The (Re)view from the Blog: Nothing Left To Fear (U.K. DVD)


Label:  Anchor Bay UK
Release date: 17th February 2014
Format: DVD (also available on Blu-ray)
Video format:  PAL
Aspect Ratio:  2.35:1
Soundtracks:  Dolby Digital 5.1: English; 2.0: English
Subtitles:   None
Runtime:  99 mins
No. of discs: 1 x DVD-9
Packaging:  Keep case
Region Coding: Region 2
Rating:  BBFC 15
Official Synopsis
When Dan Bramford (James Tupper) moves his family to the idyllic town of Stull to take up the mantle as the new pastor, he is greeted with open arms and welcomed with some all-American country charm by his new congregation. With its fair share of secrets, the seemingly sleepy Stull is actually built on a demonic gateway to hell. Every year a ritual human sacrifice must take place to protect the town from the plague of a dark supernatural force.

The Bramfords have a new home, new jobs and a new beginning in Stull; but the town has much more sinister plans in store for them.

Following Banshee Chapter the other week, it’s good to see another low-budget American indie horror flick that is built on solid foundations, although again unfortunately let down by inexperience in the script and the delivery of said script.  First-time feature director Anthony Leonardi III steps up after a couple of shorts and years of storyboard/conceptual art work for features, and shows real promise in working with actors to make Jonathan C. Mills’ script come alive.  However, despite actors of the quality of Anne Heche and Clancy Brown leading  a cast giving believable life to stock characters, the film never quite pulls it together until the final half-hour, when it kicks into suspenseful gear and creates at least one memorably horrifying sequence that pushes the film from “merely OK” to “well worth at least one watch”.

The biggest culprit, other than the need to occasionally have lingering shots purely for artistry and not to advance what is already a fairly slow storyline, is that the CG effects work undermines the excellent physical work.  It’s just not substantial enough to convince, and this lends terrifying sequences a distanced air, as if we can see the effects being painted on.  This is a shame, as with better integration of these effects certain sequences in the final third would have become very unnerving indeed. (This might be less of an issue on the Blu-ray, however.)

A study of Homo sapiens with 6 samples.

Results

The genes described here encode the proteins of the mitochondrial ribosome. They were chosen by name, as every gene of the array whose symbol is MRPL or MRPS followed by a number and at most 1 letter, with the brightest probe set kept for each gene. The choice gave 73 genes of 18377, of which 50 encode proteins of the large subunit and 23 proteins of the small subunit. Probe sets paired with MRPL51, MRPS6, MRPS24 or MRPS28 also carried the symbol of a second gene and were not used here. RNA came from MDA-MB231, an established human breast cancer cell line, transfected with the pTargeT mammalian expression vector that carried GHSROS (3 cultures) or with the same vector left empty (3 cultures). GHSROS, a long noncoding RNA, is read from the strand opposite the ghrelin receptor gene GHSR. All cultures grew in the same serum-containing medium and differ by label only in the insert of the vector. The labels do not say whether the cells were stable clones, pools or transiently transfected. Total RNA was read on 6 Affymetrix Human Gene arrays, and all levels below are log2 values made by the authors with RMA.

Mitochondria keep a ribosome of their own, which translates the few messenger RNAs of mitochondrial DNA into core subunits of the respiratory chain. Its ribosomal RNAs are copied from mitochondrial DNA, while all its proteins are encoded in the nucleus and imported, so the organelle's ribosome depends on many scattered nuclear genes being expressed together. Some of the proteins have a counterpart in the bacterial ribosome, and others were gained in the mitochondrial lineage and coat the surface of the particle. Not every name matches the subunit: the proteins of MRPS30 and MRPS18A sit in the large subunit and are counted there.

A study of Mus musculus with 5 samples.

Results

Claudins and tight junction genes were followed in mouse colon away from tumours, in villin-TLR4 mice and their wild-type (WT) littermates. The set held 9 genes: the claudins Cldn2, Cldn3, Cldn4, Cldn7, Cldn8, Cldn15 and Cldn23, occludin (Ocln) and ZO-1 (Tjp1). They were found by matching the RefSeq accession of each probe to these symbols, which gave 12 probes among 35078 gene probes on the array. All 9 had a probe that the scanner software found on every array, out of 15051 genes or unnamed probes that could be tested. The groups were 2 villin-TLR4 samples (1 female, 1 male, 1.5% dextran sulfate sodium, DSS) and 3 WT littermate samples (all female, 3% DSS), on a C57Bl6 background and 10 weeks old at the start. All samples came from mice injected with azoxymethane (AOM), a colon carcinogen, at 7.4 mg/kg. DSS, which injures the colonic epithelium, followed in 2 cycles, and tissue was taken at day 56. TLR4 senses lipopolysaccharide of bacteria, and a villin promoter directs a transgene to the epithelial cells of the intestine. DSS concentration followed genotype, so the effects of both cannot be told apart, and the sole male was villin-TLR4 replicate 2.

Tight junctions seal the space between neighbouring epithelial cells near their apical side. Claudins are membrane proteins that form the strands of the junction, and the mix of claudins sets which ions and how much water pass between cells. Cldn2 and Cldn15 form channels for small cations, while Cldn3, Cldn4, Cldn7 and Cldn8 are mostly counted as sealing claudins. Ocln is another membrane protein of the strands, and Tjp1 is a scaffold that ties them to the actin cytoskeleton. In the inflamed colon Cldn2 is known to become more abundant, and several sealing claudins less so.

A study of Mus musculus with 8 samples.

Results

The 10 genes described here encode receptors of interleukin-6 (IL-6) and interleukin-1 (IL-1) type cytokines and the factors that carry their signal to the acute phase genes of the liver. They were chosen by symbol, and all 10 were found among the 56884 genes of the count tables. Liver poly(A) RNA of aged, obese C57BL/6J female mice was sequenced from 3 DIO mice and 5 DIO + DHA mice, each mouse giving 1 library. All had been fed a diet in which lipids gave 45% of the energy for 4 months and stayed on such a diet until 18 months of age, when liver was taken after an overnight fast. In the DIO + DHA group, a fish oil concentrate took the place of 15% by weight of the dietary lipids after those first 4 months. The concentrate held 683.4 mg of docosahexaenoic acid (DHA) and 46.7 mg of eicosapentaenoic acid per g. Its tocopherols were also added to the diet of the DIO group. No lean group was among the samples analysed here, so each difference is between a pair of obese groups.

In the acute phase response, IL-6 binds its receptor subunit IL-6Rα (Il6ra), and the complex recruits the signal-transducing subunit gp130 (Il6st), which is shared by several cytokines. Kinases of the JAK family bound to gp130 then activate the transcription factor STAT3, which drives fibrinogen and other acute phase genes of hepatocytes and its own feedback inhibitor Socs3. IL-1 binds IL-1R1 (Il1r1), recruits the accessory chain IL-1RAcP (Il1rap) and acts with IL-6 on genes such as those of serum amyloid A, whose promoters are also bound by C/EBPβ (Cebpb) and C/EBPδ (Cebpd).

The second culprit is the script.  While it sets up a realistic situation nicely, and makes good use of the small town setting and local congregation and pastor as particular foci, it settles for fairly standard scares that we’ve seen before. One early one shows an alternative route; it involves a normal moment between sisters turning into upsetting, though brief, blood-letting.  More like that would have been more effective; things like the sheep sequence, however, are just laughable if you’ve spent any time in the country whatsoever.  Also, the dripfeed of information is poorly timed, so that when we finally find out what is supposed to be the big expositional statement, it’s too little too late, delivered at a time when we should be terrified as folks on-screen run for their lives, not stop and argue to create a false sense of suspense.

However, it claws it all back in that final act despite some stop-start moments like the aforementioned explanation, and you genuinely don’t know who is going to get offed, when or how.  The standout sequence is the youngest sibling on his own trying to outrun the terror come upon his sister – it is harrowing, uncomfortable, and speaks, as does much of the first half, to a classic (sub)urban dweller’s mistrust of small towns and country communities.  It is what lingers in the mind afterwards, and suggests both director and writer have bigger, better projects ahead of them.

Video & Audio
Rock solid, the often gorgeous Louisiana locations upscaling nicely. This is a film that feels set in a real town rather than a studio lot.  The audio is subtle, but still does that modern low-budget horror thing of being too obvious, using volume to create scares rather than just enhancing the scares onscreen.

None.  Anchor Bay were once a name associated with the gold standard in horror DVD releases; sadly, those days are long past.

A cut above other fare like this, the film-makers’ ambitions are curtailed by budgetary constraints and a script that never fully justifies what is being visited upon the poor family at the centre of the film.  It’s still worth a watch for horror fans who remember what films built on acting and scripts rather than f/x were like, but it’s a once-and-done experience rather than a repeat viewer.